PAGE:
In the United States, an emergency room technician (ERT) is a healthcare worker who assists with patient care in a hospital's emergency room. An ERT works under the supervision of doctors and registered nurses. He may be responsible for performing tests on emergency room patients, setting up diagnostic machines and preparing patients for exams. Some ERTs are students working to become doctors or nurses. Others continue medical training to become paramedics or emergency medical technicians.
A person can pursue medical certification to become qualified as an emergency room technician and usually receives on-the-job training at a hospital. Specific requirements for ERTs vary depending on the hospital and location. Generally, a high school education or GED is required for this position, along with certified nursing or certified medical assistant training. These certificate programs can usually be found at a community, junior or vocational college. Online programs are also available.
Along with training, ERTs need the ability to work as a team with the rest of the emergency room staff. Compassion and physical and mental toughness are important attributes for working in this stressful environment. ERTs often play an important role in keeping patients relaxed and comfortable during an emergency room visit.
An emergency room technician will usually be trained in a number of medical procedures. He may draw blood for tests, maintain intravenous (IV) lines, monitor a patient's vital signs and set up and maintain emergency room equipment. ERTs are also trained for emergency medical situations in which they may assist the medical team in performing cardiopulmonary resuscitation (CPR) or emergency surgery. All ERTs should be trained in CPR, and most training programs require CPR certification.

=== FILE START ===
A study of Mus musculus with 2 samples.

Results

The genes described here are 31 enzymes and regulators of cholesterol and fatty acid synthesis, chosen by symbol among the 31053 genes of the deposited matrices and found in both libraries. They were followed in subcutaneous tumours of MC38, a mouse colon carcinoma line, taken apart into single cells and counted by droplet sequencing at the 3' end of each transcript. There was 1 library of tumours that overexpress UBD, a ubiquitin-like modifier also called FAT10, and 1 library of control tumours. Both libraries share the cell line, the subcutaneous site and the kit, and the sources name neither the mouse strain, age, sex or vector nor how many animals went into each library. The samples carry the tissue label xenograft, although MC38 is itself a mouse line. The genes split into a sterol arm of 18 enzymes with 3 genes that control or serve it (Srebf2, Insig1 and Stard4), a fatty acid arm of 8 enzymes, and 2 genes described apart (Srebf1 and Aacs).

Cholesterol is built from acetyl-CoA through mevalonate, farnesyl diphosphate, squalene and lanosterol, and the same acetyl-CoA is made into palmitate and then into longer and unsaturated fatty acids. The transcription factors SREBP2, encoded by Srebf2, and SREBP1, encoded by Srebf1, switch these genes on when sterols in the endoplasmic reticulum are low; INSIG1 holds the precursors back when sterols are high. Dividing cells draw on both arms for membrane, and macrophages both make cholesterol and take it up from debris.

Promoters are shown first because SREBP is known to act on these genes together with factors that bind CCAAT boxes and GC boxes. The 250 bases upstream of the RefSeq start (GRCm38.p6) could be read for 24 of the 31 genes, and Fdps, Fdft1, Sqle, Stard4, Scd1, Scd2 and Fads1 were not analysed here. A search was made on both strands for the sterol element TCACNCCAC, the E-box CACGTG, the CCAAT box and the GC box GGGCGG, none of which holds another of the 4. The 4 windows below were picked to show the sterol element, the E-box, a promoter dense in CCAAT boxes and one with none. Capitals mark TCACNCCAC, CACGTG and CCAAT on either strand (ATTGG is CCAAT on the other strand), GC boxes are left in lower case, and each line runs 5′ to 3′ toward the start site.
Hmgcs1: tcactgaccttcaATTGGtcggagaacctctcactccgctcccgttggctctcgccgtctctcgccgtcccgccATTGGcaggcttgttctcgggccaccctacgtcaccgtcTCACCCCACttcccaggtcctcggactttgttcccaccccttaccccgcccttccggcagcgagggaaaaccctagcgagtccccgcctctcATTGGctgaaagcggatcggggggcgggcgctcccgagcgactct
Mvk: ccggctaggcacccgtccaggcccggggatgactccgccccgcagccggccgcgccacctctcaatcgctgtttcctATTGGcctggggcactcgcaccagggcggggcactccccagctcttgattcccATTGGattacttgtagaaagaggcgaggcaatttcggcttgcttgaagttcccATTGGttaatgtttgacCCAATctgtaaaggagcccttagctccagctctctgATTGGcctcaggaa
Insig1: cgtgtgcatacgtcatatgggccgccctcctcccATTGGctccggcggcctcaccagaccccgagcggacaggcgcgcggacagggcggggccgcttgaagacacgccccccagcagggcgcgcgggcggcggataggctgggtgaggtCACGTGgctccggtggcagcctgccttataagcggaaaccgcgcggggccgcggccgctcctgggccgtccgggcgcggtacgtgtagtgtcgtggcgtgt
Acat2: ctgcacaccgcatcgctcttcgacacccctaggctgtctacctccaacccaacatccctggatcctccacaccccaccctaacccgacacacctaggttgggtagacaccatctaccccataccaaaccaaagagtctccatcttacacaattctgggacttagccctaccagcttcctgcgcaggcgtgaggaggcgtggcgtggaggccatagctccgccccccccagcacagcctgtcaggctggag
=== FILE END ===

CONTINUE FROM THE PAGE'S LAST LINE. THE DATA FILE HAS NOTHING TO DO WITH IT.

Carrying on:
An ERT must be prepared to work both day and night shifts at a hospital, because most emergency rooms are open 24 hours a day, seven days a week, and schedules tend to vary. He must also be able to deal with patients who have suffered severe physical trauma and handle distressed patients and their families. Working as an emergency room technician is a stressful experience, though the right person also will find it rewarding.
ERT training sometimes qualifies a person for work as a certified nursing assistant and in other positions in the medical field. Many ERTs use the position as a stepping stone to more lucrative medical careers. After all, it provides valuable on-the-job training and experience not always found in a textbook.